Have you ever heard of European Citizens’ Initiatives?

It is a one-of-a-kind approach for you to help build the EU by requesting new laws from the European Commission. Once such an initiative has received one million signatures, the Commission will decide what action to take. In short, they are a way to change EU legislation on topics and issues EU citizens care about. But let’s dive a little deeper.

Since 2012, EU citizens can submit a European Citizens’ Initiative to the European Commission to propose a specific legislative change. Currently, there are 13 different initiatives collecting signatures, which are dealing with a variety of topics, examples are “Save cruelty free cosmetics – commit to a Europe without animal testing“, “Ban fossil fuel advertising and sponsorships“ or “Stop finning – stop the trade“. On this website, you can look at all 86 European Citizens’ Initiatives filed up to this date. Most deal with sustainability, social, or animal welfare issues.

How does it work?

First, a citizens’ committee composed of at least seven people from different EU countries must be established. After it has been approved by the European Commission, the Citizens’ Committee then has one year to gather signatures.

Within that year at least one million signatures must be collected either in writing or online. However, there is a minimum number of signatures that must be obtained in at least a quarter of the EU member states. There is also a minimum number of signatures required for each EU Member State. If all this can be achieved, the Citizens’ Committee will be able to propose its idea in a public hearing in the European Parliament. The European Commission will then answer on how they want to proceed within three months. This might lead to the proposal’s acceptance and a legislative change or rejection with an explanation why.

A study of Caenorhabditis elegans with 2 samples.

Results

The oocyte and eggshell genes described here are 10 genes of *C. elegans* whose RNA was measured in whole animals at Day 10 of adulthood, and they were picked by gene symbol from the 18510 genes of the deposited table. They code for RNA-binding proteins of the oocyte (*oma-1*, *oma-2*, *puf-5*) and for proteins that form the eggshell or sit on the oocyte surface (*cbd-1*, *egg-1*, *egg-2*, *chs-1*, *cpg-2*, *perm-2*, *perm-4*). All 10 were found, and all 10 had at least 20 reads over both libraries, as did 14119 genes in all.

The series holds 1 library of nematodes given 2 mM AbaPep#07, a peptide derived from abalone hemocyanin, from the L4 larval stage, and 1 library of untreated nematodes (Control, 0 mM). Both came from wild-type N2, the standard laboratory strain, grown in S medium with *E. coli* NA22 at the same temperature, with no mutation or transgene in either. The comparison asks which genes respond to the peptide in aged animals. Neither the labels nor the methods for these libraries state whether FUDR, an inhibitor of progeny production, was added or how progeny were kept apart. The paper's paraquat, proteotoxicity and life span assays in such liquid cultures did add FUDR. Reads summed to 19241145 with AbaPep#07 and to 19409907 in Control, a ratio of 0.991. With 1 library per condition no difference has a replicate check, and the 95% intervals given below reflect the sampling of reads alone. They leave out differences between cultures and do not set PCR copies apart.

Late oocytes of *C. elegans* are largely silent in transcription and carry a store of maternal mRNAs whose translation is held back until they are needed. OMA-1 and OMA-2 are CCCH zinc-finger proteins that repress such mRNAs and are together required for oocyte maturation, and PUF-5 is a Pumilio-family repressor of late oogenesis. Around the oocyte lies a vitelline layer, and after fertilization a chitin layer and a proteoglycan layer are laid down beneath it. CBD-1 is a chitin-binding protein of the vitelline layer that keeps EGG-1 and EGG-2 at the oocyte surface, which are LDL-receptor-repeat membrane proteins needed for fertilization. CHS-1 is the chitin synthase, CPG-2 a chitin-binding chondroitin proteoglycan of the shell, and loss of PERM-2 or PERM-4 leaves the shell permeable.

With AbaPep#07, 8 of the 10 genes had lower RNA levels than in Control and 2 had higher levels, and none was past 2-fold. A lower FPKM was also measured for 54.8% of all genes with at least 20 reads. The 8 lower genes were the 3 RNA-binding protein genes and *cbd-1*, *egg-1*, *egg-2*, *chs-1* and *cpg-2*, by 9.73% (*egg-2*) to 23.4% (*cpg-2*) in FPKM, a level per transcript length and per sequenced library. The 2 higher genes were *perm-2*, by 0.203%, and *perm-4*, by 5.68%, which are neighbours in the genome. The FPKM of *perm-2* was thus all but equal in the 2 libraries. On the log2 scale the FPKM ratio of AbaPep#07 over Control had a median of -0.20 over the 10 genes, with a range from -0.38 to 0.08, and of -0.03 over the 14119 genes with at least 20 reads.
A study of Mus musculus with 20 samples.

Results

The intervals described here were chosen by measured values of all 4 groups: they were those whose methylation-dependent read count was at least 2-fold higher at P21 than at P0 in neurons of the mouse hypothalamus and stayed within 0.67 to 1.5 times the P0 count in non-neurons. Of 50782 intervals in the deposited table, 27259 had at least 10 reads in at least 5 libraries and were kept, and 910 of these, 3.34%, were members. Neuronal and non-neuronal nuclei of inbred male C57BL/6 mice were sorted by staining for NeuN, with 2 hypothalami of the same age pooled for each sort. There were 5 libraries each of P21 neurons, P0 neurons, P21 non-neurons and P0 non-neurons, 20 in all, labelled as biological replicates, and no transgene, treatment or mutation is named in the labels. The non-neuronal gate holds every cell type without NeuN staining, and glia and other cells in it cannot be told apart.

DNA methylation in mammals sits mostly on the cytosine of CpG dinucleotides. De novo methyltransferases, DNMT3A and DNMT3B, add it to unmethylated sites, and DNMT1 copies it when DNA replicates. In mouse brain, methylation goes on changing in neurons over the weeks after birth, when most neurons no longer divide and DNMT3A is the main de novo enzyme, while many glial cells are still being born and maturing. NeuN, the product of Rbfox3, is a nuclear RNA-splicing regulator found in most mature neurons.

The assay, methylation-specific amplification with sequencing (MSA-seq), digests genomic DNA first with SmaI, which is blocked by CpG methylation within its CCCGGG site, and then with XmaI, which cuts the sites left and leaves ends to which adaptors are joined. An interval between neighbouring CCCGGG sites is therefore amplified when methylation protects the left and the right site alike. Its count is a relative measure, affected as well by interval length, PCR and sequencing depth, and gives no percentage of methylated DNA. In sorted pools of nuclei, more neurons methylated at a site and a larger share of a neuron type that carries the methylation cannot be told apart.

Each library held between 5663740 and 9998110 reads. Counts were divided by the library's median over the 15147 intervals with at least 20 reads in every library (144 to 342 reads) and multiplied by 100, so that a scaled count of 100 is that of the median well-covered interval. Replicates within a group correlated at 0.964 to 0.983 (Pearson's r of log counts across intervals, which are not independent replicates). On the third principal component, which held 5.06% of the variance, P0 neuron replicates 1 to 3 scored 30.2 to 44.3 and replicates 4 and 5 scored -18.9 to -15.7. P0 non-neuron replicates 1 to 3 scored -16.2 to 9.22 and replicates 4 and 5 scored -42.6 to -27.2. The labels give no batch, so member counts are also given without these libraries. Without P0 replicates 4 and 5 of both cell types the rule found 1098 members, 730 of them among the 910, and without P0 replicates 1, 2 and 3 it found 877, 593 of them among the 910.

How do I contribute?

As initiatives can be signed online, the easiest way to contribute to changing EU legislation is to sign an initiative close to your heart. As mentioned before currently open initiatives can be found on this website. Furthermore, there is even a podcast called CitizenCentral, which highlights European citizens’ initiatives. In each episode, initiative organisers and supporters explain why the initiative is important and how they experience raising awareness at EU level. This is also a very nice way to learn more about the initiatives. If you find one you would like to support, you just have to fill in a very short form and it will only take about two minutes to hand in your signature.

It might also be interesting to look at the step-by-step guide by the European Union for people who want to learn more about the process to start a European Citizens’ Initiative.